Plastic beat wood in a pallet test conducted by the U.S. Postal Service, according to results issued earlier this year. The Postal Service rated both twin-sheet thermoformed pallets and structural foam pallets as superior to pressed wood pallets.
Thermoformed pallets were considered best because of four factors - they are lightweight (about 19-20 pounds); they are durable, standing up through 56 test cycles; their cost is low, about $15-$16; and they can be recycled easily.
Structural foam pallets ranked No. 2.
They weathered 20-40 test cycles and cost about 50 percent more than twin-sheet thermoformed pallets.
The Postal Service ranked molded, pressed wood pallets -the ones most commonly found in postal facilities - as the worst. Their performance is nearly 700 percent below the lowest-performing twin-sheet thermoformed pallet and more than 300 percent below the lowest-performing structural foam pallet.
They are comparatively heavy, at about 42 pounds. But they do have one benefit: At about $7, the pressed wood pallet is the cheapest.
Historically, purchase price has been the determining factor with many government con-tracts. That appears to bechanging at the Postal Service. An executive summary says: ``Following this test, all subsequent pallet purchases will be based on reliable, comparative life cycle cost estimates and pallet performance.''
Plastic pallets are sparking the first major change in postal pallets in about 20 years. The Postal Service began using pallets to transport different classes of mail in 1973, using traditional wood pallets made of deck boards and stringers. The nestable, molded wood pallet was introduced in 1977.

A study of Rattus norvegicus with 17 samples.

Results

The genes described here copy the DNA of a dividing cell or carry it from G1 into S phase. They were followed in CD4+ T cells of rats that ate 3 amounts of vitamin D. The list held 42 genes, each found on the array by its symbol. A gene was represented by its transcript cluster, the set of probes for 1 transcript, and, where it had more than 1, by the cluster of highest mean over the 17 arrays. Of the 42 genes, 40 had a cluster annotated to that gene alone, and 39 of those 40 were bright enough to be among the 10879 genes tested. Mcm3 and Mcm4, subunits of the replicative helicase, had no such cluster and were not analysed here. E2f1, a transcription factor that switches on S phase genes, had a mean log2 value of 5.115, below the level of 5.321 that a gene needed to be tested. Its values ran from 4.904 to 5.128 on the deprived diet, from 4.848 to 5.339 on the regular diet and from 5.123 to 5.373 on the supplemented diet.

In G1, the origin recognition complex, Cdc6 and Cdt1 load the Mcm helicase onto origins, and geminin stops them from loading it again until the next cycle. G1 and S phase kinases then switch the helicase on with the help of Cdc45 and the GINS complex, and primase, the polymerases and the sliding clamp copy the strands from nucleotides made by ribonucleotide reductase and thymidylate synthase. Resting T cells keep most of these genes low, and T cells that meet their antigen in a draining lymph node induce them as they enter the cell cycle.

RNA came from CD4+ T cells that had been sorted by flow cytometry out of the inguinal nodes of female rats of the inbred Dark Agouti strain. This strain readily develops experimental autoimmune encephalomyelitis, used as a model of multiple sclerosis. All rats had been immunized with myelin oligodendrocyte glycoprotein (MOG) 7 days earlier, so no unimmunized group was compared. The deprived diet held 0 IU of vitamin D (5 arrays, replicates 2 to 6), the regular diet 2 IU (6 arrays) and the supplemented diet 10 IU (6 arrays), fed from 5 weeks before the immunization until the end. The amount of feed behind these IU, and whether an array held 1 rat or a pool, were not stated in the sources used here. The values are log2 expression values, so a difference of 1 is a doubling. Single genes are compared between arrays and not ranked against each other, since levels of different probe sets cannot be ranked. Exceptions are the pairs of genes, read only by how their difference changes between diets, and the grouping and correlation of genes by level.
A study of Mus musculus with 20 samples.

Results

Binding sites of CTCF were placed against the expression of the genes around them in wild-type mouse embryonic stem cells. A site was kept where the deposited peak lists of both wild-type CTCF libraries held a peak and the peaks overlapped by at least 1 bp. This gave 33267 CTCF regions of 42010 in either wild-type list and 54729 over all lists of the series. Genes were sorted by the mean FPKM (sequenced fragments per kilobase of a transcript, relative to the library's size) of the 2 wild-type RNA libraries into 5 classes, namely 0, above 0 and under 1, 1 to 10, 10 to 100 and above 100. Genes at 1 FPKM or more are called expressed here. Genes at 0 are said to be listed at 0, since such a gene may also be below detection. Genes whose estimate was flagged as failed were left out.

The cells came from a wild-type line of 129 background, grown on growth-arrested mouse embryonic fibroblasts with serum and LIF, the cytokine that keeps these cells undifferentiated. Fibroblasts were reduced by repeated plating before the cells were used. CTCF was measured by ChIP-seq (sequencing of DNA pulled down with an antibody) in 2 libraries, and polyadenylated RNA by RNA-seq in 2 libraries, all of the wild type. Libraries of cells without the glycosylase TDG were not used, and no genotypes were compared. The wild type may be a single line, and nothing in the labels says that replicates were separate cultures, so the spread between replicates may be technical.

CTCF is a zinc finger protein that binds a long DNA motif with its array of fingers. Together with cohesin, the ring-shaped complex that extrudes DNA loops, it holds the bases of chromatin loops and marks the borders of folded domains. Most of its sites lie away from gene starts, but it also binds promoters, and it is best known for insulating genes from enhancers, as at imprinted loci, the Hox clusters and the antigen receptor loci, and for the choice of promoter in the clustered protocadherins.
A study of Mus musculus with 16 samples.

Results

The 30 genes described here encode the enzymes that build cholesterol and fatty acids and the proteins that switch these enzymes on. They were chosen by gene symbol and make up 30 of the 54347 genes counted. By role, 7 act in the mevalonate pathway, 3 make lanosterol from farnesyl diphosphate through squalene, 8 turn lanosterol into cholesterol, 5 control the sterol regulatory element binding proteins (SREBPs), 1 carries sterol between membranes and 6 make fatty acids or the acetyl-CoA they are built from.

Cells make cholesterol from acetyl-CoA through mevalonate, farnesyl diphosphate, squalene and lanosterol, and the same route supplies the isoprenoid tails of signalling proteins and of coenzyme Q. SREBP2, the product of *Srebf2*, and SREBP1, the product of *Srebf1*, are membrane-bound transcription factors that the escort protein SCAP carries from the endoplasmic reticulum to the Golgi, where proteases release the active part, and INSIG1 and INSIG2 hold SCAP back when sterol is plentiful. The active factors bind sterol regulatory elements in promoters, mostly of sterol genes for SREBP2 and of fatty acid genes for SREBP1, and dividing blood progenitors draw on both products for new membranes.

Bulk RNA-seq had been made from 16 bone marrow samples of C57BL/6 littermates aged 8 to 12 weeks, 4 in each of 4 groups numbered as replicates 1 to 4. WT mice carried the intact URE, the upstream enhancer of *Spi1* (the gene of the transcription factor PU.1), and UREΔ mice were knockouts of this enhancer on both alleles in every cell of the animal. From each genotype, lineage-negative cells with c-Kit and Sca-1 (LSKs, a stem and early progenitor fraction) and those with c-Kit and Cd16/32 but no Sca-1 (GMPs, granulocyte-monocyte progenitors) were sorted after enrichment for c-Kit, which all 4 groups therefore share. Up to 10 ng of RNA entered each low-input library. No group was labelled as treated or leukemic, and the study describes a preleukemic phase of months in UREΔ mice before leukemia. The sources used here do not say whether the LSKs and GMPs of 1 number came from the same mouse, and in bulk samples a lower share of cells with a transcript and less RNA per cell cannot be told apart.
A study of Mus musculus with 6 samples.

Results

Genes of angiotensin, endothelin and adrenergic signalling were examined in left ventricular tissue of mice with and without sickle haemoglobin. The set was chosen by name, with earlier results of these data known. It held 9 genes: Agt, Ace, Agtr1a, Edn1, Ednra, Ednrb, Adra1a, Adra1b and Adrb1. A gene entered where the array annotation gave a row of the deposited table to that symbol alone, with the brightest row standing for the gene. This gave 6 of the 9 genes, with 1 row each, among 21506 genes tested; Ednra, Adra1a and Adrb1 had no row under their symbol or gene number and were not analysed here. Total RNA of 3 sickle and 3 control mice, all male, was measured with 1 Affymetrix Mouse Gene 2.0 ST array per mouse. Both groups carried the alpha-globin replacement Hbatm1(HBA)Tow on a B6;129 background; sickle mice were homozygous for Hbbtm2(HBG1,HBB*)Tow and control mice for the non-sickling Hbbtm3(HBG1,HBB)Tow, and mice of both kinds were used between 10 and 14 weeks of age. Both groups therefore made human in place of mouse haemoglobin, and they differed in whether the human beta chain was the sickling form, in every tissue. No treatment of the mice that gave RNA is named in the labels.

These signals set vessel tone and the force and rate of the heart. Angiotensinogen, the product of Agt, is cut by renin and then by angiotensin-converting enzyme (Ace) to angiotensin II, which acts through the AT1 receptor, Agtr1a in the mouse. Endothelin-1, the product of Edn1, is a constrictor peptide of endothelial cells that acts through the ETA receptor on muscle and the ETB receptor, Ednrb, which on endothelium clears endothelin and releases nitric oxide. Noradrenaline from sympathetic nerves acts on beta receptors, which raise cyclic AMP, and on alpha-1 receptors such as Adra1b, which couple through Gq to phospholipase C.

Postal officials purchased their first nestable plastic pallets, some 200,000 units, in 1987 and have been buying them ever since.
Plastics - especially thermoformed high density polyethylene ones - scored high on the environmentally friendly scale during the test.
Damaged twin-sheet HDPE pallets can be ground into pellets and extruded into sheets to make new pallets. Thermoformed pallets also use the least amount of materials and last longer before failure.
HDPE structural foam pallets also can be recycled. However, according to the Postal Service, current technologies limit the ability to recycle ``significant amounts'' of structural foam pallets back into new pallets. They are also heavier and use more plastic than the thermoformed pallets.
The Postal Service conducted its Pallet Life Cycle Test in 1994, and reported the results this past spring.
Researchers selected eight pallet manufacturers to represent the three types of pallets. The two-month test included stacking, loading, transporting and unloading a shipment of phone books; lifting and moving the pallets; and examining whether the pallets could be nested together when empty. Damage, deformation and vibration levels were measured on the pallets.